Forest Trends’ Water Initiative designs, implements, and brings to scale effective investments in ecosystems that support clean, safe water for people and nature.
From Sao Paulo to San Francisco, people around the world are facing a severe water crisis. Traditional (“gray”) infrastructure solutions alone will not suffice to meet this challenge – they tend to be costly, inflexible, and vulnerable to climate change and other shocks, and can also contribute to environmental degradation. A fundamentally new approach is needed that combines “gray” solutions with “green” systems such as forests, grasslands, and wetlands, which protect our access to clean water.
Green+gray approaches can reduce costs of regulating and filtering water, require less energy while reducing GHG emissions, manage a range of risks to water systems, increase resilience to climate change, and provide a multitude of environmental and social co-benefits.
To get green infrastructure strategies to scale, Forest Trends’ Water Initiative works with partners to:
- Scale up Natural Infrastructure for Water SecurityNatural Infrastructure for Water Security in PeruNatural infrastructure is poised for scale in Peru as Peruvian leaders have increasingly recognized its critical role. New national policy advances have dedicated a portion of water user fees to address water security and climate risks. An estimated US$30 million in water tariffs have already been allocated to payments for ecosystem services projects. An additional US$86 million allocated for climate change adaptation and disaster risk management could also help fund natural infrastructure investments. To consolidate these important policy developments, it is essential that the committed funds result in demonstrated improvements in community, city, and local business resilience to water and climate risk. The Natural Infrastructure for Water Security Project will demonstrate how well-managed natural infrastructure projects in Peru deliver water security benefits and are sustainable, cost-effective, and scalable.
- Build the Evidence Case for Green InfrastructureFrom Amazonian forests to pre-Incan infiltration canals to water-rich grasslands, green infrastructure delivers a range of benefits which need to be better quantified and communicated. Forest Trends is working with a diverse group of experts to build and communicate a robust evidence base for the hydrological and economic benefits of green infrastructure. To do so, we are championing a performance-based approach that applies cutting-edge design principles and innovative science such as remote-sensing technology and regional water monitoring network to measure the benefits of green infrastructure.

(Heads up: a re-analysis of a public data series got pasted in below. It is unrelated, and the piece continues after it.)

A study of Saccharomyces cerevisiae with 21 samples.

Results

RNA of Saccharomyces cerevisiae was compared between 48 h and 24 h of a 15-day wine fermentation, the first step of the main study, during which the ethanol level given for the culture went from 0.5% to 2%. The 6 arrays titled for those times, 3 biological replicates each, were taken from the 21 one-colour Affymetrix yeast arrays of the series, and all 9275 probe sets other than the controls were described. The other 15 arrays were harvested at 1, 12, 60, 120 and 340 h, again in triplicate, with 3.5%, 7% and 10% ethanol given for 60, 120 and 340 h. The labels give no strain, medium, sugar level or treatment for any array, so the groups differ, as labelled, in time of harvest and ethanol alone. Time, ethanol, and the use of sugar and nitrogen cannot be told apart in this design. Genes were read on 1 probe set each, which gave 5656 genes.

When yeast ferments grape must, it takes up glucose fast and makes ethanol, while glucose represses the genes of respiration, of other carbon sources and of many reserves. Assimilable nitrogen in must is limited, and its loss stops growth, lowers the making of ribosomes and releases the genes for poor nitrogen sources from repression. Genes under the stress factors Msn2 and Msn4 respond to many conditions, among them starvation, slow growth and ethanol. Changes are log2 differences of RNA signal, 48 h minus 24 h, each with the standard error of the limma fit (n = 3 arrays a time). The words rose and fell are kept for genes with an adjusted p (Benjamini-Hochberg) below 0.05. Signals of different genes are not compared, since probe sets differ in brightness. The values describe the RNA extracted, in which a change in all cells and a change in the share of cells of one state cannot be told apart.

- Strengthen Capacity of Leaders and Key InstitutionsBuilding capacity in designing, financing, and implementing green infrastructure will address a major hurdle in scaling up green infrastructure – the number of organizations and experts within the water sector with the skills needed to implement projects.
Key skills and experience are currently concentrated in several institutions and organizations, and Forest Trends is working with partners, such as the Green Infrastructure Working Group of the Association of Latin American Water Utility Regulators (ADERASA), to build regional capacity in the design and implementation of green infrastructure projects through the first-ever comprehensive green infrastructure course for the water sector.
- Secure Next Generation FinanceCombining the power of private finance with public investments, the new models for financing can unblock bottlenecks to scaling green infrastructure. With partners in engineering, water utilities, and finance we are developing and testing new public-private co-financing for water and building capacity for developing pipelines of investable projects.
- Improve Decision Tools for Green InfrastructureTo be effective, green infrastructure has to be brought to scale.
Forest Trends is working with local leaders and top technical experts to develop a new generation of decision tools for incorporating green infrastructure as a key component of sustainable water management. Innovations in master planning, scenario development, and assessing green infrastructure’s multiple benefits will help bring these solutions to scale. For example, in Lima, Peru, which is allocating $135 million from its water tariff to invest in green infrastructure and climate change adaptation, a Green Infrastructure Master Plan will serve as a first model for integrating green and gray infrastructure planning and water resources governance processes that is client-driven, results-oriented, cross disciplinary, and communicates the value of green infrastructure in clear and actionable terms.
Learn more about how we are partnering with organizations and governments in many countries around the world (for example, Peru, China etc.) to demonstrate these benefits and develop innovative investment models that allow green infrastructure to play an effective role in addressing the global water crisis.